Hydrothermal alteration of silicate minerals: effects of crystallographic orientation and fluid saturation state

Tuesday, 16 December 2014
Marion Pollet-Villard1, Damien Daval1,2, Giuseppe Saldi2, Kevin Knauss2, Bastien Wild1, Francois J Guyot3, Martiane Cabié4 and Bertrand Fritz1, (1)LHyGeS Laboratoire d'Hydrologie et de Géochimie de Strasbourg, Strasbourg Cedex, France, (2)Lawrence Berkeley National Laboratory, Berkeley, CA, United States, (3)IMPMC Institut de Minéralogie et de Physique des Milieux Condensés, Paris Cedex 05, France, (4)Aix Marseille University, Marseille Cedex 03, France
Prediction of reaction kinetics of fluid/rock interactions represents a critical issue for several geological and engineering concerns. In the specific context of geothermal energy, the relative intensities of primary mineral leaching and secondary phase formation significantly affect porosity and permeability of the reservoir, thereby influencing its hydraulic performance and the efficiency of a geothermal site. Moreover, it is noteworthy that in general, the circulation of aqueous fluids induces only modest modifications of their chemical composition, which slightly deviate from an equilibrium state. Therefore, fluid rock interactions take place at close-to-equilibrium conditions, where the rate-affinity relations are poorly known and intensively debated [1].

To unravel these points, in the context of the geothermal power station of Soultz-sous-Forêts (Alsace, France), our strategy consists in (1) investigating the dissolution of the main cleavages of K-spar, one of the prevalent primary minerals in the reservoir, in order to decipher the impact of crystallographic orientation and microstructural surface modifications on the dissolution kinetics and (2) proposing a relation between K-spar dissolution rate and the Gibbs free energy of reaction (∆G) over a wide range of ∆G conditions.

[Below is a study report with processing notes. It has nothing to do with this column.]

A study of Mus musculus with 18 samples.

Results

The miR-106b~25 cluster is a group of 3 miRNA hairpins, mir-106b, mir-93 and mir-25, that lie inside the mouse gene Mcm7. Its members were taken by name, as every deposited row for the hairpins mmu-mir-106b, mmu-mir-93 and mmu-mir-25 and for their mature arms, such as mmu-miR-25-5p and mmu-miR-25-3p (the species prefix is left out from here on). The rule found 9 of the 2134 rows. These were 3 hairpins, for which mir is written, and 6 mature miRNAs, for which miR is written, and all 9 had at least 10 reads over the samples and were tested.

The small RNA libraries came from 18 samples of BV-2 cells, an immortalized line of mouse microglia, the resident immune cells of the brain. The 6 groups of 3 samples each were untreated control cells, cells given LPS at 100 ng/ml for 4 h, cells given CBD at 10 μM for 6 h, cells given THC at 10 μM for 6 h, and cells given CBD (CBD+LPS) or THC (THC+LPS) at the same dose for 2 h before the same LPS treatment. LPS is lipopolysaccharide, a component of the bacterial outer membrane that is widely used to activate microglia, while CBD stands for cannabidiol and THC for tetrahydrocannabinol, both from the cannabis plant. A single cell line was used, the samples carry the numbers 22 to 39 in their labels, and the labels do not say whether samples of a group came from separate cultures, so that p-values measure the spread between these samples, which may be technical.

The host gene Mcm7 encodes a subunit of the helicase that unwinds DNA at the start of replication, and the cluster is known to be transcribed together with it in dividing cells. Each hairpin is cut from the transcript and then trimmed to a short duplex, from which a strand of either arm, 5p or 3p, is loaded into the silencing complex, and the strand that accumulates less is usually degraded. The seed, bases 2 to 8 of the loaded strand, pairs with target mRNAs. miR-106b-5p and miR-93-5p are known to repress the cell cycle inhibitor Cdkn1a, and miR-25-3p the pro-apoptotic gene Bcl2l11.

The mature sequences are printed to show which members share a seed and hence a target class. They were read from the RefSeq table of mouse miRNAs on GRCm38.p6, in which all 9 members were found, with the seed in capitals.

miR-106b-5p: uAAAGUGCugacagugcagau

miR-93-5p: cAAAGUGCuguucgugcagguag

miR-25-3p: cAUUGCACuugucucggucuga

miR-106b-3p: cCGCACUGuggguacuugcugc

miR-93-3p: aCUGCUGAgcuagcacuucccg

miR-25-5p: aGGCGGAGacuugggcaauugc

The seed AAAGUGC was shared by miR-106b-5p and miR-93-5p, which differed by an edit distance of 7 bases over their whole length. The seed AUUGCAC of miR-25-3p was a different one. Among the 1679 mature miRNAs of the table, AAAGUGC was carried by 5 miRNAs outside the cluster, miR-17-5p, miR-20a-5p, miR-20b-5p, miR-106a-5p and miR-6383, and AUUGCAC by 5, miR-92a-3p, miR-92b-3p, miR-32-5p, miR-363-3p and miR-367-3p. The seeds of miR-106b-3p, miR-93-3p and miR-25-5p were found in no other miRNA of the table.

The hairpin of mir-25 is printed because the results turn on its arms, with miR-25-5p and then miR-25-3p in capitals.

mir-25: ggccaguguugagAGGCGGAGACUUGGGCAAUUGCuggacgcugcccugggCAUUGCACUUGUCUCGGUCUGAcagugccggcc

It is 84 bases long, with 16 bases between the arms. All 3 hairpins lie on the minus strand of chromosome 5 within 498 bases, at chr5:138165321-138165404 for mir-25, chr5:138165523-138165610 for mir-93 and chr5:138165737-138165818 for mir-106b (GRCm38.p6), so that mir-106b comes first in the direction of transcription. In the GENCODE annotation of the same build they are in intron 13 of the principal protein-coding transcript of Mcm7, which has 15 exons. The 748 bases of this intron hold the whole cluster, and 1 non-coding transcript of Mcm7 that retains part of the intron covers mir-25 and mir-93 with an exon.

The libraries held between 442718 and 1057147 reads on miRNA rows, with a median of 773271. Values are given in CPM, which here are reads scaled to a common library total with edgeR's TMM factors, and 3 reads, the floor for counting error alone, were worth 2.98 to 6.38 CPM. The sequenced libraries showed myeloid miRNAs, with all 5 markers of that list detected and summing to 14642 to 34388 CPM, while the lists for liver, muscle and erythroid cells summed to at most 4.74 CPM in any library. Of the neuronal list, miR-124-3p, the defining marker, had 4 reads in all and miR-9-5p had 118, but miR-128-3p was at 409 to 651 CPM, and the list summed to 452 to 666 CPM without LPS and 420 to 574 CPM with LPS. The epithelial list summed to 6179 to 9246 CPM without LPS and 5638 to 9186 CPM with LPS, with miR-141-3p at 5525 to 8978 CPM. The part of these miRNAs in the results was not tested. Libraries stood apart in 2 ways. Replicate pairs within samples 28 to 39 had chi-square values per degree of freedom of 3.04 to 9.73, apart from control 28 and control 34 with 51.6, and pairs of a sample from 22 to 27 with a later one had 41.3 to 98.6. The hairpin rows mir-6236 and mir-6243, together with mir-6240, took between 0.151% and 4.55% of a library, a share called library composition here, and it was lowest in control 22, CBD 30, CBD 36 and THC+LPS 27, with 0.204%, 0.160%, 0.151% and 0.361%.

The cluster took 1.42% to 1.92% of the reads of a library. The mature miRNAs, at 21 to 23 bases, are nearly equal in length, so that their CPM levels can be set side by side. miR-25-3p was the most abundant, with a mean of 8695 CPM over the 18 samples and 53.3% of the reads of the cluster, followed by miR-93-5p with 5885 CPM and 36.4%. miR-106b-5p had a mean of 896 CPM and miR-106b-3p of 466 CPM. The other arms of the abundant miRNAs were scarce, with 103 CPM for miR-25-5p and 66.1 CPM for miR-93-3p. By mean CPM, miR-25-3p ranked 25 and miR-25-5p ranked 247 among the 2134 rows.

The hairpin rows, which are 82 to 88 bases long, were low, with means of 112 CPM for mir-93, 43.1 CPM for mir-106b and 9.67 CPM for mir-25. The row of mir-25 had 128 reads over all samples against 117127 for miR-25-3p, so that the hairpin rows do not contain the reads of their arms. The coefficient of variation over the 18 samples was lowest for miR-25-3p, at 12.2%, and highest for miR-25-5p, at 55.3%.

Our experimental work relies on a coupled approach which combines classical experiments of K-spar dissolution monitored by aqueous chemical analyses (ICPAES) and innovative techniques of nm to μm-scale characterization of solid surface (FIB-TEM, AFM, VSI) [2].

Our ongoing experiments evidence that K-spar dissolution is an anisotropic process, with faces (-1-1 1) dissolving up to ten times faster than the slowest (001) faces. The complex evolution of surface topography with the occurrence of etch pits is at odds with the shrinking core model implemented in most of reactive-transport codes, representing a possible cause of an apparent modification of silicate dissolution rate over time. In addition, the relation between K-spar dissolution rate and ∆G seems to differ from the transition state theory currently implemented into geochemical codes. Taken together, these new findings show promise as a means for modifying reactive transport codes and improving the predictive ability of geochemical simulations.